Reporter debrief: Vermont's new climate assessment finds the state is warming faster than previously thought. What does that mean?
Climate change has made Vermont significantly warmer and wetter over the last century, faster than regional scientists previously expected, especially during the winters. That's according to the second Vermont Climate Assessment, released yesterday by researchers at the Gund Institute and The Nature Conservancy.
Vermont is also warming faster than the global average. According to the report, the trend is expected to continue along with more frequent droughts and floods. But the report also found there's still time to curb emissions and the associated climate impacts.
VPR's Liam Elder-Connors spoke with VPR climate and environment reporter Abagael Giles about key findings from the new report. Their conversation below has been edited and condensed for clarity.
Liam Elder-Connors: So this new report covers a lot of ground, what are the big things people should take away from it?
Abagael Giles: Climate change is happening faster in Vermont than was previously thought. Vermont is, on average, almost 2 degrees F warmer than it was in 1900. And winters have warmed almost 2.5 times faster than that in the last 60 years.
So, remember waiting for the bus when it was like -15 degrees F out? We now see about 7 fewer nights like that each year than when our parents were kids.
Vermont also sees on average 21% more precipitation than it did in 1900.
Ice out is happening earlier and earlier every decade.
And Vermont's climate is already warming faster than the global average. That's expected to continue. By the end of the century. If we do nothing about emissions, we're talking 10 to 16 degrees F warmer here on average. And even if the world cuts emissions, we're looking at probably 8 degrees F of warming.
Alright, so it's safe to say Vermont will see a significant change in its climate, even under the best scenario. How is that going to affect the state's major industries?
Well, let's look at skiing. Skiing is a $1.6 billion industry in Vermont. It brings millions of tourists here every year. And under a high emissions scenario, by 2080, the downhill ski season will shorten by one month, making it largely not economically viable.
But we can change that. If we cut emissions, most ski areas will survive through this century, the report finds. And there's a business opportunity there as well: ski conditions here are expected to fare better than in other New England states.
Looking at agriculture, our growing season has already gotten longer. And that sounds like a good thing. But there's been some bad news for apples and fruits that need cold winters.
We're going to see more boom or bust cycles of drought and intense rain in the future. Irrigation will definitely be a bigger part of farming here.
So Abagael, you were describing more of how climate change could change things for us — for the humans who are living here in Vermont. But what about other animals that live in the state?
Yeah, it's bad news for some really iconic species.
Overall, the report finds that 92 bird species, including the loon and hermit thrush, are expected to disappear in the next 25 years.
We're going to see more white tailed deer and less moose. And we're also going to see more cyanobacteria blooms.
And if you're wondering about ticks, we will be seeing more ticks and more tick borne diseases.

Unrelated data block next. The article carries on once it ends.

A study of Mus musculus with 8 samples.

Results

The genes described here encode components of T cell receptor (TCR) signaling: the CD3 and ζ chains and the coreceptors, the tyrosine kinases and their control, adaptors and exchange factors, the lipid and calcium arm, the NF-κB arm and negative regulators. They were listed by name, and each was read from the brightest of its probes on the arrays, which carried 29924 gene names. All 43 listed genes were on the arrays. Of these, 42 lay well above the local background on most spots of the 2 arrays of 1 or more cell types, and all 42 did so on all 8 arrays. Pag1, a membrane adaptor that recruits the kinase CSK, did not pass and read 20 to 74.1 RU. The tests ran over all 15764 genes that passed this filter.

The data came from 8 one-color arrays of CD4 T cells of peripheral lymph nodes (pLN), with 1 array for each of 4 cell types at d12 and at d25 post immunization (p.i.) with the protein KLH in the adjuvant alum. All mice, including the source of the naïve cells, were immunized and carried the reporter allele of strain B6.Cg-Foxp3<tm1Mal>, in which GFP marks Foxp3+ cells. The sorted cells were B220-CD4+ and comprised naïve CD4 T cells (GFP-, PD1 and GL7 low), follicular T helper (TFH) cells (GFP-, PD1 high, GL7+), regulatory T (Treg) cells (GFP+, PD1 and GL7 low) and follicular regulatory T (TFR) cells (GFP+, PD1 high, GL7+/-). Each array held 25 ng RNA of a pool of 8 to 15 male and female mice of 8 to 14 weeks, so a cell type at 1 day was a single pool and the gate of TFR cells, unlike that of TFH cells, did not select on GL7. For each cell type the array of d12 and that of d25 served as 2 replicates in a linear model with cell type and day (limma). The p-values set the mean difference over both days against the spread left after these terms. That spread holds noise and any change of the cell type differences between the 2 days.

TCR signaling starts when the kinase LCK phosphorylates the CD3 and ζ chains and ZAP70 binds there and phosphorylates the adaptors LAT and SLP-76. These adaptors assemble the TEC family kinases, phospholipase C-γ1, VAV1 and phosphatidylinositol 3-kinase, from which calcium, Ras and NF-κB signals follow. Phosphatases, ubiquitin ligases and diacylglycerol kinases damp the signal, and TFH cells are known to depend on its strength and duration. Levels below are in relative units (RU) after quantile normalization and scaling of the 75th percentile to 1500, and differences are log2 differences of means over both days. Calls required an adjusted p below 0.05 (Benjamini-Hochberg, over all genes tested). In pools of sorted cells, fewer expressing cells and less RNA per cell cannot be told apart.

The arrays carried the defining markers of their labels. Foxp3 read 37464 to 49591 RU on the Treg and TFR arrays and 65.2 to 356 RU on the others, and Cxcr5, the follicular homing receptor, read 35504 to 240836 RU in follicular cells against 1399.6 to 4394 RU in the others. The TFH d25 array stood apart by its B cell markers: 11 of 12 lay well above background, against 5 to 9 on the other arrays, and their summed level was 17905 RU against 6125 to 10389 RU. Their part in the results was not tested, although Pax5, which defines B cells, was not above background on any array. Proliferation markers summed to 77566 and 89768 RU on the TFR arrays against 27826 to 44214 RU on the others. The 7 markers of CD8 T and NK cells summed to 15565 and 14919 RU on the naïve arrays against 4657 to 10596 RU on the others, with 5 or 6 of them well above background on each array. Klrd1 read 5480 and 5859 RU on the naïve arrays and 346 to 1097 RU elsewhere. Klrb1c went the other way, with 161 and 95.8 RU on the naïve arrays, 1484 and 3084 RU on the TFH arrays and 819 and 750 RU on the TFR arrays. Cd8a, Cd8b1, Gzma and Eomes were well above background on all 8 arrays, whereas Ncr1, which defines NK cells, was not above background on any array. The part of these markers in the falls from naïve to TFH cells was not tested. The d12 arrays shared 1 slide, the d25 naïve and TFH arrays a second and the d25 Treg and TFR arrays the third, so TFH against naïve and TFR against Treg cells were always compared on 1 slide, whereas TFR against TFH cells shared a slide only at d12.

How does this report compare with the first climate assessment, which was done in 2014?
That's a great question. The last one really focused on impacts from wetness. It looked at more precipitation and more floods. This one really hones in on variability as a key theme.
So in the future, the report forecasts more warming and more wet weather, with greater variability. That means more periods of intense rain and more periods of prolonged drought.
This new report also finds Vermont's climate is supposed to remain, you know, relatively attractive compared with lots of other places. But temperatures and precipitation have increased faster than previous models thought they would. So in other words, faster than the 2014 assessment predicted — which was the first of its kind for a state.
And finally, last year, Vermont committed to reducing greenhouse gas pollution to 26% below 2005 levels by 2025, with even bigger reductions to follow. The state's Climate Council is working under a Dec. 1 deadline to come up with a plan for how we're going to do that. What do the findings of this report mean for that process?
Researchers actually called this out as one example of an opportunity to do something. And there are things that we can do. For example, Vermonters drive more miles per capita than anyone else in the northeast. Transportation is the largest source of greenhouse gas emissions in Vermont, and heating is a close second. The council right now is in the thick of making decisions about how to change this.
But it's worth noting, these global emissions reduction scenarios called out in the climate assessment? Vermont can't change them alone. We need international and national policy changes to get there.
And it's important to point out people of color, Indigenous people, kids, older Vermonters, people of lower socioeconomic status, they disproportionately bear the impacts of climate change. Not everyone has the same resources to adapt to climate change or to buy into solutions. It's not a choice for everyone to move or relocate. And this report acknowledges that.
And right now, some environmental justice advocates are calling for the Climate Action Plan process to slow down. So we have time to make sure that the people first affected by climate change, who don't often get to participate in public discussions about it, get to weigh in.